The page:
By Val Masters, CPDT, CDBC, Community Services Director & Behavior Specialist
One of the best things we can do for our dogs is train them. In addition to the basics, (sit, stay, wait, come and walking politely on leash), training our dogs also includes teaching them good manners, being fair and consistent in what we expect, and setting boundaries so that our dogs will be enjoyable companions in our homes.
The Sacramento SPCA Behavior Department helps hundreds of pet owners every year! We offer a free behavior helpline, group dog training classes, behavior handouts on our website, and private behavior consultations. These services have been offered to the public for 10 years, and our offerings will continue to expand. In 2012, we received 2,272 behavior help line calls, held 262 private behavior consultations, assisted more than 600 people and their dogs through our dog training classes, and provided a variety of information to thousands of people who visited our website to get help for their pets’ behavior issues.
Start with a Solid Foundation
When we bring a dog into our home, they do not know what the rules are. It is up to us to teach them. Your relationship with your new dog starts forming the moment you first meet. As much as you may want to hug him to pieces, it’s best to let him set the tone. Canine social behavior is very different from ours. The things we do naturally – approaching head-on, making direct eye contact, reaching out and hugging, patting on the head – can be very intimidating and off-putting to dogs. Canines approach in a curving path, averting their eyes, and sniffing flanks before deciding to offer and accept more intimate body contact. A great resource to help us understand more about our dogs is “The Other End of the Leash,” by Patricia McConnell, Ph.D.
Even after your initial introduction, you can learn a lot about who your dog is by watching his body language. Does your dog stand tall and forward, taking everything in stride? If so, he’s likely an assertive, confident dog. Does your dog’s tail wag gently at half-mast and his expression stay soft regardless of what – or who – is going on around him? Then he’s probably an easy-going, friendly dog. Does your dog tend to hang back, looking a little worried, letting someone else take the lead? That means he’s probably more timid, and lacking in confidence.
Consistency is key. It is important that everyone in the family agree on what the house rules are, and that these rules take effect as soon as a new dog arrives (or should start immediately if you already have a dog in your home). Dogs do best when their world is predictable. Let’s say you allow your new dog on the sofa the first week, then Mom yells at him for getting on the sofa when his paws are muddy. The next day Sally invites him back up to watch television next to her. His world is unpredictable. Unpredictability causes stress, and stress causes behavior problems. I suggest everyone in the family sit down and agree on important questions, such as: (1) Is the dog allowed on the furniture? All furniture, or just some? If just some, which pieces? (2) Who will feed the dog? When, where and what? (3) Who will walk/exercise the dog? When and where? (4) Who is supervising and potty training? (5) Where will the dog sleep? (6) Who is the primary trainer (everyone should participate in training) and what methods and cues will everyone use? (7) What other behaviors are going to be reinforced, and which ones are not?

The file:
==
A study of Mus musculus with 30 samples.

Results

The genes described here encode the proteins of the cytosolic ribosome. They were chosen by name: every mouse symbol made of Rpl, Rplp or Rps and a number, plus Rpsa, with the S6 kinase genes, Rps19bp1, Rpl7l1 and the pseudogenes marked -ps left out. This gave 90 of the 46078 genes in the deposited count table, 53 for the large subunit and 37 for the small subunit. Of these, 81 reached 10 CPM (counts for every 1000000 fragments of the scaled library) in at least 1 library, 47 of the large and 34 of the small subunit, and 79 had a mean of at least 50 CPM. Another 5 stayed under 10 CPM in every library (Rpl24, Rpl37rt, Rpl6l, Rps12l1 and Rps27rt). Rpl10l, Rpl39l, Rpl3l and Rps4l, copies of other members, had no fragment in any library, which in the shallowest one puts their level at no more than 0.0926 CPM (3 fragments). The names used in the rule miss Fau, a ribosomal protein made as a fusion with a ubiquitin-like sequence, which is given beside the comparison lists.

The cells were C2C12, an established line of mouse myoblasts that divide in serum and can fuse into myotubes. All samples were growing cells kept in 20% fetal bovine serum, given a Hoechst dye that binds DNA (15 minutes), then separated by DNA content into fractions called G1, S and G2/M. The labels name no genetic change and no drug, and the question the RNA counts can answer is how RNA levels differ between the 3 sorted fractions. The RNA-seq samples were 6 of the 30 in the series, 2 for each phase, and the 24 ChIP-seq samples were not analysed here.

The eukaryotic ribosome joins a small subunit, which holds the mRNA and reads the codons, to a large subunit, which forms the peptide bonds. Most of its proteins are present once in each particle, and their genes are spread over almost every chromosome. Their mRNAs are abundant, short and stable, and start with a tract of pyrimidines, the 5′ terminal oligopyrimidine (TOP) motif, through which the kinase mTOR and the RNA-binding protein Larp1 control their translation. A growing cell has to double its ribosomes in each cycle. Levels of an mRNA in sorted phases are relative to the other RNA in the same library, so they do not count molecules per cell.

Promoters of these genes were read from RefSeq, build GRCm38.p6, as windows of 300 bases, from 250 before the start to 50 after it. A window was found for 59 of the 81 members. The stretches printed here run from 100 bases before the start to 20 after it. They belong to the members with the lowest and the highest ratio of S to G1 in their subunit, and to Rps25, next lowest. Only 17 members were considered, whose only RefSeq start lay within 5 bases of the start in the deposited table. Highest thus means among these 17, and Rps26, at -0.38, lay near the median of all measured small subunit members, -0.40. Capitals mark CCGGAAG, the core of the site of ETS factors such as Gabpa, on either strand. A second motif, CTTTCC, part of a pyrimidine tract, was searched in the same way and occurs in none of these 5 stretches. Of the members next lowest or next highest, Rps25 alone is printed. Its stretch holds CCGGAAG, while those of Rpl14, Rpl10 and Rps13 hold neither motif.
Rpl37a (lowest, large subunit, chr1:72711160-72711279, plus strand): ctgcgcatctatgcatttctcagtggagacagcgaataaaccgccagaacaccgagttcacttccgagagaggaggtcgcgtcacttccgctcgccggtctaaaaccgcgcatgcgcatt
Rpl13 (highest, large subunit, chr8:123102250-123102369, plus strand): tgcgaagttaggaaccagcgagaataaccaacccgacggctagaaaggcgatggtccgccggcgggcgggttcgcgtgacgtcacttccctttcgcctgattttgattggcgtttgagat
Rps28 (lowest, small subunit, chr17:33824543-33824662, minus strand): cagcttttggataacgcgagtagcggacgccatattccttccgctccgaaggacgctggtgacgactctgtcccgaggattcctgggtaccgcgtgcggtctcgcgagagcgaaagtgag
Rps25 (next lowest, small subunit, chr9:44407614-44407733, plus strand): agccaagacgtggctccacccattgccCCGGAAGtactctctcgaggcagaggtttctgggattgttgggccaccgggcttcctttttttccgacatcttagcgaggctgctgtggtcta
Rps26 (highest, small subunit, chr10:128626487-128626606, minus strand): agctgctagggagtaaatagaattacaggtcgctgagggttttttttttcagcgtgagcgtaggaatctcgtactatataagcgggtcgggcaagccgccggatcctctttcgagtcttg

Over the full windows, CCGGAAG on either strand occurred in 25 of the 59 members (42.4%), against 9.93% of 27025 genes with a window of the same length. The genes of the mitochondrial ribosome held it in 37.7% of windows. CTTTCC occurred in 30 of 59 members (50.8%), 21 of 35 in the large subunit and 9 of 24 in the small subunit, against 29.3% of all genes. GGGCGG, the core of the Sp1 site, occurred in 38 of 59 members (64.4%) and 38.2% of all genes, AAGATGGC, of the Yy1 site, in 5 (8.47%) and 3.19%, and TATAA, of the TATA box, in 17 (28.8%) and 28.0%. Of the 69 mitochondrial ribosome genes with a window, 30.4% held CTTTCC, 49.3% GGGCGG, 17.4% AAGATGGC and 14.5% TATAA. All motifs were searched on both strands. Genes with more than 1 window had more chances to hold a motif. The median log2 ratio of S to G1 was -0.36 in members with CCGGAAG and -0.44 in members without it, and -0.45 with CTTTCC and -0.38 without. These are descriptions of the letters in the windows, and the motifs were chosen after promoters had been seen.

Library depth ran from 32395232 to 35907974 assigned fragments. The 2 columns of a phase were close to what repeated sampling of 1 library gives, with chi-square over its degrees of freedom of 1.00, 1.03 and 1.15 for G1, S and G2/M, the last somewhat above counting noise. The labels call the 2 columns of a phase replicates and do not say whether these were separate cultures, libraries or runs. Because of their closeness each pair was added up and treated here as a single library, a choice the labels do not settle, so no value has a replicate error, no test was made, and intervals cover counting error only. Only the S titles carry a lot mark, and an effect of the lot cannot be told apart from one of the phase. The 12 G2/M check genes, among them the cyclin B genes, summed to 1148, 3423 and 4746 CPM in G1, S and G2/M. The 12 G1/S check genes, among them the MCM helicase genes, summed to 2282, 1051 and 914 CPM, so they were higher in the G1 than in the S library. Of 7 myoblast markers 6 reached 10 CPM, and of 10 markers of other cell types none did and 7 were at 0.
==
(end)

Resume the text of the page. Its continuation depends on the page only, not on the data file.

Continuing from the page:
Part of training also includes making sure that “good stuff” happens when your dog performs behaviors that are desirable. Conversely, unwanted behaviors make good stuff go away, or the dog is ignored or refocused to do something you do desire. See our behavior handout “How Do I Get My Dog to Behave” on our website.
In addition to setting the tone and structuring things in your household for the best possible success for living with your dog, it is also extremely important that your dog is exercised – both physically and mentally – every day. How much and what type of exercise depends on your individual dog’s needs, but it is important that your dog is exercised until he is tired – every day. Please contact us at firstname.lastname@example.org to get more information and ideas for exercising your dog’s mind and body!
Dog Training Classes
Every dog should be taken through basic dog training classes, where the dog will learn good manners such as sit, down, stay, come, walk politely on leash, and wait at the door. The Sacramento SPCA offers basic, intermediate, and tricks classes for you and your dog. We recommend trainers that utilize positive reinforcement training methods. For more information about our classes, please visit our website.
Beyond Basic Training and Behavior Issues
Unfortunately, a number of dogs miss out on important socialization lessons, while others just have hard-wired behaviors that require more than teaching and working on the basics. When dogs are not well socialized, or not properly socialized, it may result in reactive behavior (barking, lunging, whining), timidness/shyness, fearfulness, or possibly aggressive behavior (which may be exhibited toward novel items, certain people, some dogs, cats, or other environmental stimuli). If your dog has adverse reactions to novel stimuli, it is important to see a behavior specialist to help you help your dog to change these negative associations to positive associations with situations/people/dogs. The Sacramento SPCA offers private behavior consultations to help you address any of these concerns with your dog.
Whether you are looking for resources to help you with your pet’s behavior issues, want to take a group class, need one-on-one assistance, or just want to know more about why your dog does what he does, the Sacramento SPCA can help!
Visit the Behavior & Training section of our website for more information.